This morning I needed to dig out a software manual from storage (remember when software came with printed manuals?) and had a small blue pressboard binder fall on my head. It looked familiar, but I didn't know why.
Remember when I was lamenting that I couldn't remember my CompuServe ID Number? Well, yeah, the small blue pressboard binder had all my CompuServe stuff in it... including my ID...
Now that I see it... 70717,3107... I can't imagine how I ever forgot it. Those digits flow through my mind like my own name, because it was my name for a number of years. When I typed it just then, I didn't even need to take a second look, my fingers automatically keyed it in. Just like old times.
Somehow, I feel more complete than I did yesterday.
ALSO in the small blue pressboard binder... COMPUSERVE INFORMATION SERVICE RATES: 1984!"
A few things...
All told, I'm currently on the internet for one thing or another at least 5 hours a day. That's minimum 35 hours a week... probably much more. Putting two hours of that in the daytime and three hours of that in the evening, in 2014 dollars I'd be spending $58.76 per day... $411.32 per week... just to get online.
And "being online" then sure ain't what it is now.
How in the hell did we ever make it out of the dark ages of technology?
I think I was mostly using BBS services at the time. Maybe I had an account and used it just when I had to? I certainly don’t remember paying rates like that that time, but that was a few years ago. I know were had at my first computer job (1980), but after that I don’t recall having it at work..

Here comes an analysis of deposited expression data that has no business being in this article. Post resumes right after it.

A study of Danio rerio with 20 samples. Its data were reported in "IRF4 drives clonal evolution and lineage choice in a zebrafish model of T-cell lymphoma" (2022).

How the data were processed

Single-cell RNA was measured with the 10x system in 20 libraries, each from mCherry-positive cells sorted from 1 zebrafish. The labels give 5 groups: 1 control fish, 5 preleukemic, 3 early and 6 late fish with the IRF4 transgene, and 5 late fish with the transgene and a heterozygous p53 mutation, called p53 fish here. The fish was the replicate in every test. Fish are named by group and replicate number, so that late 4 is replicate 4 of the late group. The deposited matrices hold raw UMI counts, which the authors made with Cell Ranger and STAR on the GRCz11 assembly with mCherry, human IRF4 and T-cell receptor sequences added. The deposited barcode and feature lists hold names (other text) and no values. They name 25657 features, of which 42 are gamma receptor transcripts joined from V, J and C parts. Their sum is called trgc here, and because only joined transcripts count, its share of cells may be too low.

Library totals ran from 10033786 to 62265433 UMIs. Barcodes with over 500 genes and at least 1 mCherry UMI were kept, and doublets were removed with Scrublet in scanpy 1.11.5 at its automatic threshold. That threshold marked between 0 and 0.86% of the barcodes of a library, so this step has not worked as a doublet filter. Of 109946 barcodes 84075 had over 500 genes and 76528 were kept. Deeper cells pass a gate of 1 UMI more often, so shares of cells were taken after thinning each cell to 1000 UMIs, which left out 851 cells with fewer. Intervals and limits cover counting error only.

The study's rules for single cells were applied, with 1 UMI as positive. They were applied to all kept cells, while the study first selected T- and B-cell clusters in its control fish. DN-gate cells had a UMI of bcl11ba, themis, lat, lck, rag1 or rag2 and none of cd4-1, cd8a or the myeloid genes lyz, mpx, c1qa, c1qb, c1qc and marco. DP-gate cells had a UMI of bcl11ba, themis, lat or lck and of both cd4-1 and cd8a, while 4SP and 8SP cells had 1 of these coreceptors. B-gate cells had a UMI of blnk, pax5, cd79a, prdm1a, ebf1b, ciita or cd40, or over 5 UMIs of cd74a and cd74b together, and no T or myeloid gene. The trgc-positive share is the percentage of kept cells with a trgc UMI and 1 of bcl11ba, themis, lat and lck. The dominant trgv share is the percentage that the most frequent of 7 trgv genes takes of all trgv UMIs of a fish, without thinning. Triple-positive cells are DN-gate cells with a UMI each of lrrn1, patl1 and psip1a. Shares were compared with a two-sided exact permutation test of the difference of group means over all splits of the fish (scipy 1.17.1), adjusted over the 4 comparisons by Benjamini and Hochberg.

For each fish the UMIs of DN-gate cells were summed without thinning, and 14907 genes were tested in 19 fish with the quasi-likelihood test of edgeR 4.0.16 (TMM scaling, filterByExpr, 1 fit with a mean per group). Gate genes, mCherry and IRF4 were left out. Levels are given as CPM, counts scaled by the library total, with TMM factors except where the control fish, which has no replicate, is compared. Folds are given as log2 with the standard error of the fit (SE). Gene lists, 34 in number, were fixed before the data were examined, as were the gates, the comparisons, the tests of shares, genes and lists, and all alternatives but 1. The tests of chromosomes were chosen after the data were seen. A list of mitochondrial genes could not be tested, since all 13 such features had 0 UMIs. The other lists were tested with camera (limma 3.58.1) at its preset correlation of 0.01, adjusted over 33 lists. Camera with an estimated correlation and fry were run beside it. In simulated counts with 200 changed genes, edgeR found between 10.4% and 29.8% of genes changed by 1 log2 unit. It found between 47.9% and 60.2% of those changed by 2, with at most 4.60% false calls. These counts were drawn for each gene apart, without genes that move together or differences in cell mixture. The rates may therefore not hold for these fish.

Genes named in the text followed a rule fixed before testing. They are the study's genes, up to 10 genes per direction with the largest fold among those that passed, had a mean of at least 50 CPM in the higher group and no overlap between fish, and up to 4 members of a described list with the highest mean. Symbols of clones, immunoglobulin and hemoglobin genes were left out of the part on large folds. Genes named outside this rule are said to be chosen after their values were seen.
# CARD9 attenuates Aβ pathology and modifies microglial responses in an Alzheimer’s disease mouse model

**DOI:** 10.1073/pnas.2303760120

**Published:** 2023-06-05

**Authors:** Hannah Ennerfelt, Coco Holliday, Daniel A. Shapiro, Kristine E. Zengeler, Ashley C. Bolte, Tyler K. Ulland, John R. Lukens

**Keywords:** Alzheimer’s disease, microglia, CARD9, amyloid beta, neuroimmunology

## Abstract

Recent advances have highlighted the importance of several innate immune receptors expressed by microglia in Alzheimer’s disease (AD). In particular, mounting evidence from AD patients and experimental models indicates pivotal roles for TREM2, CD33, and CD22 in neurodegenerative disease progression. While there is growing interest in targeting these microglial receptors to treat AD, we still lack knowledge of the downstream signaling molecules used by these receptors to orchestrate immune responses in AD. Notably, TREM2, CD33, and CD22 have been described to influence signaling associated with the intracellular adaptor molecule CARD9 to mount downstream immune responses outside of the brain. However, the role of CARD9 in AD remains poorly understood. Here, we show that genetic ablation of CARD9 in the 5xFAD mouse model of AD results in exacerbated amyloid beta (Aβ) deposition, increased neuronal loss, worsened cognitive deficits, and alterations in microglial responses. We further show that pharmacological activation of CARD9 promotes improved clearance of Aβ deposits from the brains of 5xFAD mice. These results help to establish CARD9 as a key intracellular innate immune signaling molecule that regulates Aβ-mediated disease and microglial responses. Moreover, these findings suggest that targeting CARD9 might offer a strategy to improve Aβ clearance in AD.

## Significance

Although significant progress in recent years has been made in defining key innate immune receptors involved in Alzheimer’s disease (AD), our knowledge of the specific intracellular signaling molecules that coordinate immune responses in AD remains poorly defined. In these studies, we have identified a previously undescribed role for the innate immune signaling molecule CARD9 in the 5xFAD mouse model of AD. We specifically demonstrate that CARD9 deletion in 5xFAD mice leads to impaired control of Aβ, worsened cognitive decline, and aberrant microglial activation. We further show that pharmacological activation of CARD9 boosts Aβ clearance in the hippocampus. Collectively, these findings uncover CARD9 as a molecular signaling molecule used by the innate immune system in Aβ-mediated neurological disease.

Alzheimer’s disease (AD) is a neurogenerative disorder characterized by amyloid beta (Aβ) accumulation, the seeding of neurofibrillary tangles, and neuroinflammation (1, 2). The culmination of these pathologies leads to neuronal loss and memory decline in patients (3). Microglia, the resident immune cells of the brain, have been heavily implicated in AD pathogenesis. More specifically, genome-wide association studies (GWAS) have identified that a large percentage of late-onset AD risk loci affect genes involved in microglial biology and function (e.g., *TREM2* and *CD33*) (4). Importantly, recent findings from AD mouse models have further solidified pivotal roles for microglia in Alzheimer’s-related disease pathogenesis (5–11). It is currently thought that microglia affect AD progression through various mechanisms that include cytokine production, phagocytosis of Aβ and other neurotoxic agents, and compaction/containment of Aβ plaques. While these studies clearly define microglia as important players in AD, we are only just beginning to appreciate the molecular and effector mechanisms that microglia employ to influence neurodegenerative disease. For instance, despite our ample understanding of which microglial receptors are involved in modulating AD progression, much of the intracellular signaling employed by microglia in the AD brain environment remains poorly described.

At that time they didn’t even have an internet gateway, that was too early for that (probably another decade?).
4 hours and 15 minutes! Well the floppies on my Atari were only 90KB (0.09 MB) and I think Apple II’s were 140KB, so 2.2MB would have been HUGE!
I miss the good ol’ days!
Ha! Not only do I remember when software came with paper manuals, I remember getting paid to write them. Ah, the good old days, when writers still got paid. And then spent all their money on the internet.
It’s funny, your post reminds me of dial-up. I had a boss who told me if I switched to a cable modem, I’d never be able to go back. He was right.
There was a brief time after I switched and was on the road when dial up was all that was available and it was. so. painful.
Hooray for technological advancements! If only things like equal rights and tolerance caught on and evolved so quickly.
I jumped onto the CompuServe bandwagon a little later, in 1990 and the price had come down considerably. Prior to that I belonged to a service called GEnie, which used a similar pricing scheme to the one you described for CompuServe. I think these services ran on the mainframes, VAXclusters and other timeshare services of large corporations, hence the really big charge during traditional business hours but much “cheaper” costs during the off-hours. I remember the chatrooms being described as “CB channels”. It was rather awesome.
Geez. Even when I started web use in 1994, it was either free using my university’s connection or $19.99/month using AOHell dial-up. I think rates like yours would’ve scared me from ever wanting to use the internet.
Hmm… 1984. I don’t think I got a modem until 1987, and then I only connected to free BBSes until I was able to dial in to the University network and access the Internet (mostly just Usenet).
While reading threads on Usenet and waiting for the next page of text to load, I developed a habit of blinking slowly to allow the page update to happen while my eyes were closed. To this day, if something is loading slowly, I catch myself closing my eyes for a second or two.